Reverse Wireless Charging Feature Will Come Soon To All Smartphones With NFC

NFC Forum has announced the new standard for smartphones to wirelessly charge smaller devices with NFC. With this feature, phones can become a charging station for smaller devices.

NFC (Near Field Communication) is a wireless technology on many phones that allows your phone to connect or interact with other devices. NFC Forum, the organization behind the technology, has announced a new standard that will enable smartphones or chargers with NFC to power devices with 1W output.

The new standard, called Wireless Charging Specification (WLC), means that smartphones with NFC can charge headphones or smart watches wirelessly in the future. Smartphone manufacturers have already been offering reverse wireless charging for a while. However, special technology had to be used to offer this feature, which we mostly see in premium phones. In conjunction with WLC, all phones with NFC will be able to offer reverse wireless charging.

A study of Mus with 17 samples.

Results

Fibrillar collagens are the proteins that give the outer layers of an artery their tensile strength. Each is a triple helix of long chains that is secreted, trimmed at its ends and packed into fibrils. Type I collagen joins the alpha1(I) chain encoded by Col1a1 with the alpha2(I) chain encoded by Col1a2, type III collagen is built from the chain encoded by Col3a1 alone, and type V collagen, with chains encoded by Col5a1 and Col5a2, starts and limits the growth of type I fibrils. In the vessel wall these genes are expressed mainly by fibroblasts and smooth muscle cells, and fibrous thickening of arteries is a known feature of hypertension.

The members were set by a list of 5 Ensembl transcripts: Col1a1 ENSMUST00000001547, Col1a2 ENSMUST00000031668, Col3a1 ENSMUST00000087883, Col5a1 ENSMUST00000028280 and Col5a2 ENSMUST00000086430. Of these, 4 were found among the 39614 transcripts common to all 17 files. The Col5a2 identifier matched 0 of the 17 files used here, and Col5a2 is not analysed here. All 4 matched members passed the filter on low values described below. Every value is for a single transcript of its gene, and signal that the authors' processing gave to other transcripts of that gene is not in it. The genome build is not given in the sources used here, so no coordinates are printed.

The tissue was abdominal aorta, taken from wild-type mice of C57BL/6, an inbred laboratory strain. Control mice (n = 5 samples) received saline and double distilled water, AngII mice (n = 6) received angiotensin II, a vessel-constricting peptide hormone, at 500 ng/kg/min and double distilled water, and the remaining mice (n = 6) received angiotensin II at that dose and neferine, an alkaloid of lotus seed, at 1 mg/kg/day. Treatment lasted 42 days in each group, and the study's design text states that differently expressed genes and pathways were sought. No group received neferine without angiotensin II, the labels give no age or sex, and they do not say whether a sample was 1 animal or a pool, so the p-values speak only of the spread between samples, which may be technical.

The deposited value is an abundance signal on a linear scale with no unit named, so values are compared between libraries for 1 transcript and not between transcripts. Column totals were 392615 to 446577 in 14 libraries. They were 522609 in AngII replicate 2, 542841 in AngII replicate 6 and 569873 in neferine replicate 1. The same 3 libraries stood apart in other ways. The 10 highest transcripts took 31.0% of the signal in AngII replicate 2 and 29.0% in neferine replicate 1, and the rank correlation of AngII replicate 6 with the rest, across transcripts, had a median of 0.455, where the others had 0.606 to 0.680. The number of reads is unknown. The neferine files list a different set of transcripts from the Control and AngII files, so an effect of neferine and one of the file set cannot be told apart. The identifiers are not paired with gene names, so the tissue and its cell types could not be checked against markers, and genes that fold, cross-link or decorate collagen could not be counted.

The new standard will turn all smartphones into a charging station
In a press release published on the NFC Forum’s website, the agency has officially announced and enacted WLC, which allows NFC devices to charge smaller battery-powered IoT devices up to 1W. Charging speed may not sound impressive, but it may be sufficient to charge smart watches, wireless headphones and other similar small devices in a reasonable time.

WLC technology was actually a standard planned to come last year. However, the technology came into force today. The press release states that there are about 36 billion IoT devices in the world and most of them can be charged wirelessly by WLC. Currently, there is no date when the technology will be available on products.

Smartphones with NFC will be able to charge smaller devices
WLC will enable a single antenna to manage both communication and charge on devices with NFC. This feature uses 13.56 MHz base frequency and supports NFC connection to control power transmission. NFC allows power to be transferred to an NFC tag to provide a stable carrier signal.